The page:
A message to our clients:

With the recent move to allow shops and offices to fully re-open, we will continue to review our policy on clients attending our offices. Currently, we are not inviting clients into the office but we are able to briefly meet with clients by appointment at the door of the office. Please note that face coverings are still required indoors until further notice. We remain committed to following the Government guidelines as rules continue to change in line with the easing of lockdown.

We continue to operate our business as usual across all the services that we offer our clients, both current and prospective.

We continue to offer teleconference-based or telephone consultations.. We are aware that not everyone has been offered full vaccination yet and understand that some people may feel safer continuing with socially distanced communications.

Our family and wills / probate solicitors continue to offer initial advice remotely by video conferencing and by telephone for up to one hour (as advertised on this website). Please call us if you would like to speak to one of our experts.

If you have a case in court, please telephone us so we can discuss representation.

We appreciate your patience, support and understanding over the past year since the restrictions related to the pandemic began. We hope you continue to stay safe, and wish you a brighter 2021!

Talk to a solicitor today 0117 973 1391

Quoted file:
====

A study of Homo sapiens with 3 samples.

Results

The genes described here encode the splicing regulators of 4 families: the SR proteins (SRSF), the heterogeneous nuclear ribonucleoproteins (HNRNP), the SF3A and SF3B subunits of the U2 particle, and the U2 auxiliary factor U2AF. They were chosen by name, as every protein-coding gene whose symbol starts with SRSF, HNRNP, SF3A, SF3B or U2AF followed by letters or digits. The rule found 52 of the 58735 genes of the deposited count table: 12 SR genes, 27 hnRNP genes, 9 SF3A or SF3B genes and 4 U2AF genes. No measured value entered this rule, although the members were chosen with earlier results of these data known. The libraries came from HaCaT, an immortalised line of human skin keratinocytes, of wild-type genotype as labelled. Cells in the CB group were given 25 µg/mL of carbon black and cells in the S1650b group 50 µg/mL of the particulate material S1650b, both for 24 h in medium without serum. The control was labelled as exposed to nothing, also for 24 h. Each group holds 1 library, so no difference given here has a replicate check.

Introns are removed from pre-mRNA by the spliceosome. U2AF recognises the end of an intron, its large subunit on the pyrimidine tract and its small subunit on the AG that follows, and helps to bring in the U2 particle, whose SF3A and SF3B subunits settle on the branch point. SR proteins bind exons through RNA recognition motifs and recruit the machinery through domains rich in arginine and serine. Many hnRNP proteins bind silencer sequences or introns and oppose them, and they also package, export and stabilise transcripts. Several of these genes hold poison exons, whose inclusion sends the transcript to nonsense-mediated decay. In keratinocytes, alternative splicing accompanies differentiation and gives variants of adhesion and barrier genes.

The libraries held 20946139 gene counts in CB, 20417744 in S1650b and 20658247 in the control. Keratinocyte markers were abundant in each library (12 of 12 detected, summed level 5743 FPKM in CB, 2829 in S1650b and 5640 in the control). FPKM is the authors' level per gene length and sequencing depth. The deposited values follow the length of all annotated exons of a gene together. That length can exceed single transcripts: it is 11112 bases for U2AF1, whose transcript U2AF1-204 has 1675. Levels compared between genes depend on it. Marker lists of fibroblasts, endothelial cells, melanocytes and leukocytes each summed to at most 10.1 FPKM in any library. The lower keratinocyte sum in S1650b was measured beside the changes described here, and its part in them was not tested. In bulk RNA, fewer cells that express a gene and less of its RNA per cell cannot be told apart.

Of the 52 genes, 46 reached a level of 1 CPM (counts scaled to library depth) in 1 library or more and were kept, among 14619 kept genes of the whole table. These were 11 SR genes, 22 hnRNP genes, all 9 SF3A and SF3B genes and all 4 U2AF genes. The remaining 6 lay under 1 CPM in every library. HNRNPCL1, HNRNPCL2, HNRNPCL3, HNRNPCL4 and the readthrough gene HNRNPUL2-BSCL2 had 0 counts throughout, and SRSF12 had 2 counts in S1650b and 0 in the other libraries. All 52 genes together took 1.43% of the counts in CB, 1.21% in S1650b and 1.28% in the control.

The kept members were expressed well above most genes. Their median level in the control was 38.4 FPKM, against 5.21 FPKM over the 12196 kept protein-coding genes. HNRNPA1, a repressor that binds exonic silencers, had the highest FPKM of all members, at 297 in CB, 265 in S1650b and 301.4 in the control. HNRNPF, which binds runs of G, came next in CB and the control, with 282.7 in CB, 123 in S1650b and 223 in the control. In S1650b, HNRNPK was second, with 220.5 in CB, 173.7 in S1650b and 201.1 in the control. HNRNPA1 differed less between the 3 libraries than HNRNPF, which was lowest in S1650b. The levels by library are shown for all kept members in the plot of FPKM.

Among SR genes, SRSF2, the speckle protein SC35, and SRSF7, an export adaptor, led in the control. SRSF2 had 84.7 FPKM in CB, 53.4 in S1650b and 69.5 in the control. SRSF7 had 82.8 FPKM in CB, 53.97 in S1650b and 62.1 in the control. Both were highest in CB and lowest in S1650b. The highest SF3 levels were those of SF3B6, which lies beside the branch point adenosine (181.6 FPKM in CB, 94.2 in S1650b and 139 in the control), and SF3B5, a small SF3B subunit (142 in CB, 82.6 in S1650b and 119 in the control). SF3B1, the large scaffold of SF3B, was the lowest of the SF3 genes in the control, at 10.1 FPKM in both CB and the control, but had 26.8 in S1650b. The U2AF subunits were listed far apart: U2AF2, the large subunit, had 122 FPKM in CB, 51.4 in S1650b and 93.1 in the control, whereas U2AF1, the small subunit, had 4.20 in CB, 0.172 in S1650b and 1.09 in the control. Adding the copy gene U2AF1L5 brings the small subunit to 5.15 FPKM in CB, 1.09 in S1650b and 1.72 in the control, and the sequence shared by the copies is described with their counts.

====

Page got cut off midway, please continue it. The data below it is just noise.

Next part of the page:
February 23rd, 2021

Joint home ownership – which type do I need?

You have decided to purchase a property with somebody else – your partner, your friend or a family member. You have spent evening and weekends searching the internet for properties and viewed many properties and then you find ‘the one’. The conveyancing process has begun and your conveyancer is working hard behind the scenes to work towards your completion date.

However, you may not have considered exactly how you will own the property. There are two main ways in which a property can be held:


Joint Tenants

If you hold the property as joint tenants, you both own the whole of the property. Neither of you own a bigger share of the property than the other. The right of survivorship applies to joint tenants. This means if one of you were to pass away the property would automatically pass to the other.


Tenants in common

If you hold the property as tenants in common, you both own a distinct share of the property. This can be equal shares or it can be unequal. If you wish for the ownership to be held in unequal shares then you will need to have a Trust Deed set up (commonly referred to as a Declaration of Trust). In the absence of a Trust Deed the presumption will be equal shares.

If you were to pass away whilst holding the property as tenants in common, your share of the property will pass under your will or in accordance with intestacy rules in the absence of a valid will. If your co-owner would not be entitled to your estate by way of intestacy then they may find themselves owning the property with someone else if you did not leave the property to them under your will.

If you have any questions during your conveyancing transaction then make sure to ask one of our friendly team, who can discuss your options in full with you.